According to the latest Moody’s Investors Service Global Credit Research however, progress has not been uniform and gaps remain, especially in the areas of enforcement and cross-border coordination.
The January 2017 report, entitled “Banks -- Africa: Gaps in Banking Regulation and Supervision Are Progressively Being Addressed” said African regulators have focused on strengthening corporate governance rules, updated banking laws to extend regulatory and supervisory powers.
The report pointed out that African regulators are also enhancing their stress testing capabilities while macro-prudential tools are increasingly being deployed to mitigate systemic risks.
It stressed that despite the progress however, further improvements are warranted in some areas. The report names South Africa as the only African country to have implemented Basel III.
“The implementing of Basel III would be a catalyst for improved capital and liquidity management and internal risk management procedures across the continent,” said the report.
Similarly, plans for resolution regimes in Africa are still evolving and the implementation of resolution frameworks trails the rest of the world.
“Evolving resolution regimes mean the cost of any systemic crisis could be substantial since many countries are unable to identify and deal with rising banking risks promptly,” said Constantinos Kypreos, Moody's Vice President.
Kypreos who is also a Senior Credit Officer of Moody’s said that African countries have broadly adopted international standards on anti-money laundering and counter-terrorism financing, but compliance is still evolving.
According to Kypreos avoiding sanctions is important for most African banks, especially in partly-dollarized systems where banks require US or other foreign banks to clear dollar transactions. According to the report, the overall 2017 outlook for the African banking sector is stable.
The stable outlook balances the banks' resilient earnings, high capital buffers and ample local currency funding against high asset risks and some challenging operating environments.
While the overall picture is stable, there is considerable regional divergence, with East Africa likely to be the most resilient African region and West, Central and Southern Africa facing a range of challenges.
For Moody's rated African countries, the credit rating agency projects average Gross Domestic Product (GDP) growth of 1.9 per cent in 2016, rising to around 3.5 per cent in 2017.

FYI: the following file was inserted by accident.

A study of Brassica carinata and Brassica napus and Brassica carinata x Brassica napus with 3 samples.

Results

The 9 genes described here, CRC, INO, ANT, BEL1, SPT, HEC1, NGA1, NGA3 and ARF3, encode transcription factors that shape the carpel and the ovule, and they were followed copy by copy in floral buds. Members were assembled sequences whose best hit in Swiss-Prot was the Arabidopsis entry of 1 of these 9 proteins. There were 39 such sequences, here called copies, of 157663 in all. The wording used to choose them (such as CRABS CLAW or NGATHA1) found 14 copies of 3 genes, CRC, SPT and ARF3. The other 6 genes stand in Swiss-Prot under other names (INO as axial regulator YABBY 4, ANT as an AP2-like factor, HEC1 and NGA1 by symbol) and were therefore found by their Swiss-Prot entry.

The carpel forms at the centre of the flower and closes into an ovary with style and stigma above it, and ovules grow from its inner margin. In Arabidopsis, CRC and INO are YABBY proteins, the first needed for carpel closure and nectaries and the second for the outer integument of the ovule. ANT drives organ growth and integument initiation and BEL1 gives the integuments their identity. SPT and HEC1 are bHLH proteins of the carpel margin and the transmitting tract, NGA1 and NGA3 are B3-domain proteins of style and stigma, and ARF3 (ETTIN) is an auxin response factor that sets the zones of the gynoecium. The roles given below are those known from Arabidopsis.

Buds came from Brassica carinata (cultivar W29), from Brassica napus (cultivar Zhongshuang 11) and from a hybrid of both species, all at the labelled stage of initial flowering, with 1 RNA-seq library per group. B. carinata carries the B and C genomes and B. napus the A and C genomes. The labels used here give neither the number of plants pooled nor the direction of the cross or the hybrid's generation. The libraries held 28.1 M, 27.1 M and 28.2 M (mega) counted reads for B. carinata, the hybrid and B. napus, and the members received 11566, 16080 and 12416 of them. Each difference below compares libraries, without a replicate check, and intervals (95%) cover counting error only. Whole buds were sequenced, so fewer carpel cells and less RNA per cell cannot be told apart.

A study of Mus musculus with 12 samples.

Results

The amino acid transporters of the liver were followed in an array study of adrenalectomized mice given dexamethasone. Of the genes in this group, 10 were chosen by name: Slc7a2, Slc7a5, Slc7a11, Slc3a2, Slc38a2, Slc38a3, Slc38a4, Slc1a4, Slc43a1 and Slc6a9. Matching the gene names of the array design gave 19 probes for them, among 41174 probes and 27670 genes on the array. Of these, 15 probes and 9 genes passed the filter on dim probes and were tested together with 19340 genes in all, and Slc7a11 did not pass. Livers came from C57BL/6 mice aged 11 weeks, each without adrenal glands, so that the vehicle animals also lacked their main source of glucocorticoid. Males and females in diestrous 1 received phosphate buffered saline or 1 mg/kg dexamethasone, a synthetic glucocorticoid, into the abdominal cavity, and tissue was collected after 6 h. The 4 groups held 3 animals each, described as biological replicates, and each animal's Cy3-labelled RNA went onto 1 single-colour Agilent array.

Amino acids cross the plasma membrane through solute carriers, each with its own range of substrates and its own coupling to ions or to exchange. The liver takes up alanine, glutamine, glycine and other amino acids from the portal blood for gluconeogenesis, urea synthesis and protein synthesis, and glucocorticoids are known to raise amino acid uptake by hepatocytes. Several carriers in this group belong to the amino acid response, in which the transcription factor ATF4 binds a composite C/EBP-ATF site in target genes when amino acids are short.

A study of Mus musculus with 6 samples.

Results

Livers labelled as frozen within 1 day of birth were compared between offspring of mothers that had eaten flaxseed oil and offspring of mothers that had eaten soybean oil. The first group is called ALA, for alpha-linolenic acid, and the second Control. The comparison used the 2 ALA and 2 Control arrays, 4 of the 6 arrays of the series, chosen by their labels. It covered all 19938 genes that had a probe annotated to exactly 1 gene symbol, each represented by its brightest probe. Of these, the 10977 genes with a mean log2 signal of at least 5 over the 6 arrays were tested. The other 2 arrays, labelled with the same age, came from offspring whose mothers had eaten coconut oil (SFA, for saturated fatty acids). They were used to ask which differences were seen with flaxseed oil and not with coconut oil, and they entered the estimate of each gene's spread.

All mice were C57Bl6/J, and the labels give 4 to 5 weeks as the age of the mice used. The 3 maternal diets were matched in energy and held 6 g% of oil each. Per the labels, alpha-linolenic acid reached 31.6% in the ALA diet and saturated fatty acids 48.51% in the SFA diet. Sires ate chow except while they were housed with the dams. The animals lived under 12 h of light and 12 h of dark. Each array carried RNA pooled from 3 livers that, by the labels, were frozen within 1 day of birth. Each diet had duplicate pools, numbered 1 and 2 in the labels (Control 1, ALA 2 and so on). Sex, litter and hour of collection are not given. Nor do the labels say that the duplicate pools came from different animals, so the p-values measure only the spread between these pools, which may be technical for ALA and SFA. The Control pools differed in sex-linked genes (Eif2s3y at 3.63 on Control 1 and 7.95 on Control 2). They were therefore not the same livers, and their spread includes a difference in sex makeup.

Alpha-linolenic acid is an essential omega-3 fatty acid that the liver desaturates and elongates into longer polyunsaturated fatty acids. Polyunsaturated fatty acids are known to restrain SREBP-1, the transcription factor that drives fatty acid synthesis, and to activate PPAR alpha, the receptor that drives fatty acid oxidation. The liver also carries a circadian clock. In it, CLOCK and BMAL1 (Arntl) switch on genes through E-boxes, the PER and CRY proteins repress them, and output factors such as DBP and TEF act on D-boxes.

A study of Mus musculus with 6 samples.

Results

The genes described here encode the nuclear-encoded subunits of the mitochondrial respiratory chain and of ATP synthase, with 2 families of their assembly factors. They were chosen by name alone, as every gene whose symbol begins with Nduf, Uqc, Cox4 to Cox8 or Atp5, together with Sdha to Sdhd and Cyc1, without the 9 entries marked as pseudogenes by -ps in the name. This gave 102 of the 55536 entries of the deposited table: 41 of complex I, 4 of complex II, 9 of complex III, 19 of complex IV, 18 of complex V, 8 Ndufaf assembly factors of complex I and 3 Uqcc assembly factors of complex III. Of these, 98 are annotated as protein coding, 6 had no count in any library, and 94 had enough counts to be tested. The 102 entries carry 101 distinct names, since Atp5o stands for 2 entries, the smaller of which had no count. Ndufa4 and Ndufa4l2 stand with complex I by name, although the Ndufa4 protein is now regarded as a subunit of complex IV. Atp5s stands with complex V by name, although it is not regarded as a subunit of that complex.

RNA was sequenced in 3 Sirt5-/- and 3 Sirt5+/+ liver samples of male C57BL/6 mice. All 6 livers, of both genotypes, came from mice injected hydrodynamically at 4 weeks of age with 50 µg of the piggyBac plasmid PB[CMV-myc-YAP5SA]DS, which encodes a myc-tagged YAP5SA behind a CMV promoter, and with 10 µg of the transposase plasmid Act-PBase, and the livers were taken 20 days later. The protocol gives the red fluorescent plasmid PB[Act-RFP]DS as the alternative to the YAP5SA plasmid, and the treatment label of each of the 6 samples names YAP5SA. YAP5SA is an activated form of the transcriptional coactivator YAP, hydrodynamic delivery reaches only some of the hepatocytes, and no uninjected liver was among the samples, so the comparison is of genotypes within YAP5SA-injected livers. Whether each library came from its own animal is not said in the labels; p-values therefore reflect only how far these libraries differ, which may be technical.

Growth will be supported by domestic demand, stabilizing oil and commodity prices, structural reforms, and competitiveness gains.
However operating conditions will remain challenging, affected by Africa's undiversified economies, high inflation, and cuts in government spending.
Moody's expects credit growth of around 10 per cent in 2017, while longer-term growth prospects remain robust, supported by mobile technology which is fuelling financial inclusion, rising banking penetration and a deepening of local capital markets.
Rising credit risk is a major concern and loan quality pressures are likely to persist in 2017. Moody's expects non-performing loans to rise in 2017, but with significant country deviations.
“Accelerating GDP growth in Africa will partly mitigate the risks stemming from challenging operating environments,” said Kypreos adding that the rating agency expects ongoing loan quality pressures in 2017, driven by continued low but stabilising commodity prices, the impact of significant currency depreciation, high inflation and structural issues.
Moody's notes however, that high asset risks will be partly mitigated by banks' broadly stable profitability and capital metrics.
For the countries in which Moody's maintains bank ratings, it expects pre-tax return on equity to average around 18 per cent, with the equity-to-assets ratio typically above 8 per cent to 9 per cent.
Similarly, stable customer deposits will continue to be the main funding source - typically more than 70 per cent of total assets - while reliance on more volatile foreign or short-term market funding will be minimal.
Foreign currency shortages will remain a concern for partly-dollarised systems, although Moody's expects such risks to gradually subside as commodity prices stabilise.